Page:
Simultaneous localization and tracking (SLAM) has been an active research area in robotics for the last five years. The primary focus has been to model an in-door environment for UGV's.
We are investigating how temporary landmarks detected by the vision system can be used to stabilize the IMU dead-reckoning drift, and in such a way provide the navigation system with a means to find the way back to home base, as is the goal of the first demonstrator project. The database of landmarks is used to compute absolute movements as complement to the relative movments the IMU senses, and to make it possible to automatically recognize and position the UAV in areas already visited. A secondary use of this landmark database is for mission planning and guidance.
Activities include the following sub-projects:
- Development platform (David Törnqvist, Jeroen Hol)
- Fast SLAM (Thomas Schön, David Törnqvist, Rickard Karlsson)
- Sensor calibration (Jeroen Hol)
- SLAM module for UAV integration (Rickard Karlsson)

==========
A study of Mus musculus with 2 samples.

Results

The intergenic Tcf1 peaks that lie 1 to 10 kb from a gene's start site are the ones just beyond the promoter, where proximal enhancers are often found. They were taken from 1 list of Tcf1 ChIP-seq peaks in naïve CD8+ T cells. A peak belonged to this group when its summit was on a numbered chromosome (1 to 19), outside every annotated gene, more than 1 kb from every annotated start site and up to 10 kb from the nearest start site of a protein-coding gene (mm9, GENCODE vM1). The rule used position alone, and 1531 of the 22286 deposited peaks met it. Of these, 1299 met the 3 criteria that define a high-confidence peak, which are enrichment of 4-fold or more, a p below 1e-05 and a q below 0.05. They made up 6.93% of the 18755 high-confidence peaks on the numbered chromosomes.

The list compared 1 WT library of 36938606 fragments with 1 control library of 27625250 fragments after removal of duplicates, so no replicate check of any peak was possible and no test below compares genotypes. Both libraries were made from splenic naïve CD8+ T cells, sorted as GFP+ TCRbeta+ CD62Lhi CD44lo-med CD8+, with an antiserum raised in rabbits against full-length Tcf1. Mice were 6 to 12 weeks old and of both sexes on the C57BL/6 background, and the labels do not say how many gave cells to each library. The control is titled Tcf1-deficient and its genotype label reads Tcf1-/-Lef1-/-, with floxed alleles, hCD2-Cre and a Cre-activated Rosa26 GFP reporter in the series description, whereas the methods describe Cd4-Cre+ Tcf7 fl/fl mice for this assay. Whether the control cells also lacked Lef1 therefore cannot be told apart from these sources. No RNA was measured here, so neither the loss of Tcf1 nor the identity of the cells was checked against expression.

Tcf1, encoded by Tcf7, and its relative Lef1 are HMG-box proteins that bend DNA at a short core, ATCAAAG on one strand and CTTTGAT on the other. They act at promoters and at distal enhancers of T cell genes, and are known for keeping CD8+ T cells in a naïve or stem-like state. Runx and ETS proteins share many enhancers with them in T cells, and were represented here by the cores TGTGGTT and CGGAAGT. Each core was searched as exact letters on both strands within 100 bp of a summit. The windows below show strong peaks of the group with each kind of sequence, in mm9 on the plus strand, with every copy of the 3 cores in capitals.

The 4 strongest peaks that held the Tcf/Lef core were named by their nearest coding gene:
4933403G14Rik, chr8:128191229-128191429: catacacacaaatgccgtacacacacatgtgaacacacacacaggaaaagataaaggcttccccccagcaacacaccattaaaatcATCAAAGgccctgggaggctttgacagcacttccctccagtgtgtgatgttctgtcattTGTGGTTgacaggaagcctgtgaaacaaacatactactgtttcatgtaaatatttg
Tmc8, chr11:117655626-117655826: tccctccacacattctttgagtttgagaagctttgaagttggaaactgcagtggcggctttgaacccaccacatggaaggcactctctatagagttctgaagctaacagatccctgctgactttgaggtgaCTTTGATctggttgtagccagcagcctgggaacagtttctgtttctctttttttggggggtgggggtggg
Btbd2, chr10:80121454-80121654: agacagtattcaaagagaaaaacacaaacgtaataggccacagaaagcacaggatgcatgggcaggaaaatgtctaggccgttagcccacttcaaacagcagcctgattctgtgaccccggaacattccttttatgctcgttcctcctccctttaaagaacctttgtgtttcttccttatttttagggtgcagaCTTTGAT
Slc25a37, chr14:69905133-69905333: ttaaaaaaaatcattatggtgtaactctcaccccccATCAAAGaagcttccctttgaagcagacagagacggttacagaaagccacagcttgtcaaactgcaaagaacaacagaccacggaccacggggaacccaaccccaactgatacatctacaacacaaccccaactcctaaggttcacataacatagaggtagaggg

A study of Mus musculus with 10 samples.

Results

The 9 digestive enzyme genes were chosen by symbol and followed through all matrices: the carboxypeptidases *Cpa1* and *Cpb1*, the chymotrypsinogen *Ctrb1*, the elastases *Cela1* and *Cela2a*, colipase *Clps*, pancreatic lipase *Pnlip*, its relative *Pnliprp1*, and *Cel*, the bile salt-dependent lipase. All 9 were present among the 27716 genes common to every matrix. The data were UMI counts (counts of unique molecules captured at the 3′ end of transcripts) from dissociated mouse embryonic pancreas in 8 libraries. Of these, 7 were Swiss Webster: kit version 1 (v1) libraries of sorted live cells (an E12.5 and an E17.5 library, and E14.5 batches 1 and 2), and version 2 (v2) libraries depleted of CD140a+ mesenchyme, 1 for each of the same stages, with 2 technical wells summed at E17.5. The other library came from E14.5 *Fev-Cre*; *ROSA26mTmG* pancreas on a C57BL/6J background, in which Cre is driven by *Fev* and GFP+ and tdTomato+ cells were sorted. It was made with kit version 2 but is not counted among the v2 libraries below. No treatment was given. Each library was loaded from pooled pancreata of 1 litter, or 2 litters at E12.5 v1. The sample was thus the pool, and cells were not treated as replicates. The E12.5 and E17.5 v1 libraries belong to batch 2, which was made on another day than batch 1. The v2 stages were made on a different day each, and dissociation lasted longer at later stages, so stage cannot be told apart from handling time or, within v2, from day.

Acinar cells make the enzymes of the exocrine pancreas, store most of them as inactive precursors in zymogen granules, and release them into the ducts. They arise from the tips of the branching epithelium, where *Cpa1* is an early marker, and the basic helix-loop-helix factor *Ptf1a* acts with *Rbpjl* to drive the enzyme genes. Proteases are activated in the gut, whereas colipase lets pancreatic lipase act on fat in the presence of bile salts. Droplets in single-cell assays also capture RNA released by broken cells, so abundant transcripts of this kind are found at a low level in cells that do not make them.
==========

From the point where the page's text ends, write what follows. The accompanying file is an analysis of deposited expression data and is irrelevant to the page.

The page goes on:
- SLAM with ground vehicle tracking (Rickard Karlsson, Umut Orguner)
1. The first step involves developing a development platform and experimental environment which can deliver realistic data under strictly controlled conditions. The ABB industrial robot available at the department is perfect for this purpose. The picture below illustrates how a box with IMU and camera is attached to the robot.
A special environment suitable for UAV SLAM algorithms has been created. It consists of small balls randomly placed above the floor, on which simple image processing algorithms provide measurements similar to the features obtained on the UAV. The picture below gives a snapshot of the camera view, where the crosses denote detected features.
The SLAM idea is to study the feature displacement (also known as structure of motion) and adaptively estimate each features 3D position. Under the assumption that stationary features are detected, these are then used to stabilize the inertial navigation system.